The head of the UN agency for Palestinian refugees has stepped aside temporarily as an internal probe into alleged mismanagement at the organisation proceeds, it said on Wednesday.

Pierre Krahenbuhl, commissioner general of the agency known as UNRWA, will be replaced on an interim basis by the agency's acting deputy chief Christian Saunders, it said.

The agency said findings in the probe so far "revealed management issues which relate specifically to the commissioner general."

"The commissioner-general has stepped aside until the completion of the process," it said.

An internal ethics report has alleged mismanagement and abuses of authority at the highest levels of the agency, which has also faced a financial crisis after US funding cuts.

UN investigators have been probing the allegations in the confidential report, a copy of which was obtained by AFP.

The report describes "credible and corroborated" allegations of serious ethical abuses, including involving Krahenbuhl, a Swiss national.

It says the allegations include senior management engaging in "sexual misconduct, nepotism, retaliation, discrimination and other abuses of authority, for personal gain, to suppress legitimate dissent, and to otherwise achieve their personal objectives."

Krahenbuhl himself was alleged to have been romantically involved with a colleague appointed in 2015 to a newly created role of senior adviser after an "extreme fast-track" process, the report says.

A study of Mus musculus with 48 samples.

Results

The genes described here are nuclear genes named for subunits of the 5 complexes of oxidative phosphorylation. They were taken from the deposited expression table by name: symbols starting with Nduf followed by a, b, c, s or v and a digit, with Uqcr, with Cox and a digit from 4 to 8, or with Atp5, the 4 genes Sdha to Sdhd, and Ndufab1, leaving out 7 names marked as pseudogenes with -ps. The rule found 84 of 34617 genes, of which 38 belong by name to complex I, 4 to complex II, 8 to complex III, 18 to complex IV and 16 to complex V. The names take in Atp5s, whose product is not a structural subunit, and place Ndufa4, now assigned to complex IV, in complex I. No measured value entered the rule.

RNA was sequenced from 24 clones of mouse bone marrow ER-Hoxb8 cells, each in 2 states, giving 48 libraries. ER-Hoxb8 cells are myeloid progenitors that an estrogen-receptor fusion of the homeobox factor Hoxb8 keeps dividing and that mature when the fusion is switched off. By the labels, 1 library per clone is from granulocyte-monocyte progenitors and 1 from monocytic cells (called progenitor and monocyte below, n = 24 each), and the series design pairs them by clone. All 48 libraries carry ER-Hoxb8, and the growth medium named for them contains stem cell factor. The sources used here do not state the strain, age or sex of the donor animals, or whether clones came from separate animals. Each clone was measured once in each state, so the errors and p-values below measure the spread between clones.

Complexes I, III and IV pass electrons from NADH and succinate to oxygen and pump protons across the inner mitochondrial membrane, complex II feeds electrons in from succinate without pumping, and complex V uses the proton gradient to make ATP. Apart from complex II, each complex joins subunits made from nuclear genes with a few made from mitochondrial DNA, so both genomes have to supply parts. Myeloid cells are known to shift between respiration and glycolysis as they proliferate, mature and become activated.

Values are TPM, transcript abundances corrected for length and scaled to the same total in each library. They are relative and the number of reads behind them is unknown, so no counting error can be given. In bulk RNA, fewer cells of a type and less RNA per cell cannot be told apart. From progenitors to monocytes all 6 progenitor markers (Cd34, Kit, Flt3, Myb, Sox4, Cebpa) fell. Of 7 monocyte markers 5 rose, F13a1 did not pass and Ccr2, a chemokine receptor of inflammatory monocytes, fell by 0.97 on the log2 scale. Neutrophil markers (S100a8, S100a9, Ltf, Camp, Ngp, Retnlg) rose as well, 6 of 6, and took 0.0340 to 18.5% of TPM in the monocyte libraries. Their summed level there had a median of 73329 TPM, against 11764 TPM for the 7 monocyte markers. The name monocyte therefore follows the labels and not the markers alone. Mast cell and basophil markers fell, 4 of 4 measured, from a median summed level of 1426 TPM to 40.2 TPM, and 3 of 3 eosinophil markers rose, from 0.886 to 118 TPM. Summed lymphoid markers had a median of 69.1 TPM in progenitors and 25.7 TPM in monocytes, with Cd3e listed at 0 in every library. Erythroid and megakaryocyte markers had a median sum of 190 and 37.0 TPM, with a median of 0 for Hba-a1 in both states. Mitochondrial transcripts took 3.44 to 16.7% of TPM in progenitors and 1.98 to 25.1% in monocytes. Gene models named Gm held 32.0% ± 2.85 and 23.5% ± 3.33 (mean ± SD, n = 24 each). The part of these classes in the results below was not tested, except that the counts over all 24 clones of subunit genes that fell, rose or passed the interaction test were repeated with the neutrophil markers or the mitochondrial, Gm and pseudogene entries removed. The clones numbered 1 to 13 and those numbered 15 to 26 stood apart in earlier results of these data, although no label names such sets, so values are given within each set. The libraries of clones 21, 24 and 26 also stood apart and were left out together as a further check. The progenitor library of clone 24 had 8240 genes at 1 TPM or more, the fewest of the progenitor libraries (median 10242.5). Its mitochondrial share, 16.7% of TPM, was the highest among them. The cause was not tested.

That enabled her to join him on international business class flights, the report alleges.

UNRWA came under heavy financial constraints after the United States suspended and later cut all funding for it in 2018.

US President Donald Trump's administration, along with Israel, accuses UNRWA of perpetuating the Israeli-Palestinian conflict.

The agency disputes that and says the services it provides would otherwise not be available to Palestinians.

A number of other countries suspended their contributions pending the outcome of the probe into alleged mismanagement.

UNRWA was set up in the years after more than 700,000 Palestinians were expelled or fled their lands during the 1948 war surrounding the creation of Israel.

It provides schooling and medical services to millions of impoverished refugees in Jordan. Lebanon and Syria as well as the Palestinian territories.

It employs around 30,000 people, mostly Palestinians, and its UN mandate is set to be debated later this year.

A European diplomat speaking on condition of anonymity said he was "grateful for all (Krahenbuhl) did to stabilise the organisation during a difficult time, but stepping aside now is the correct decision."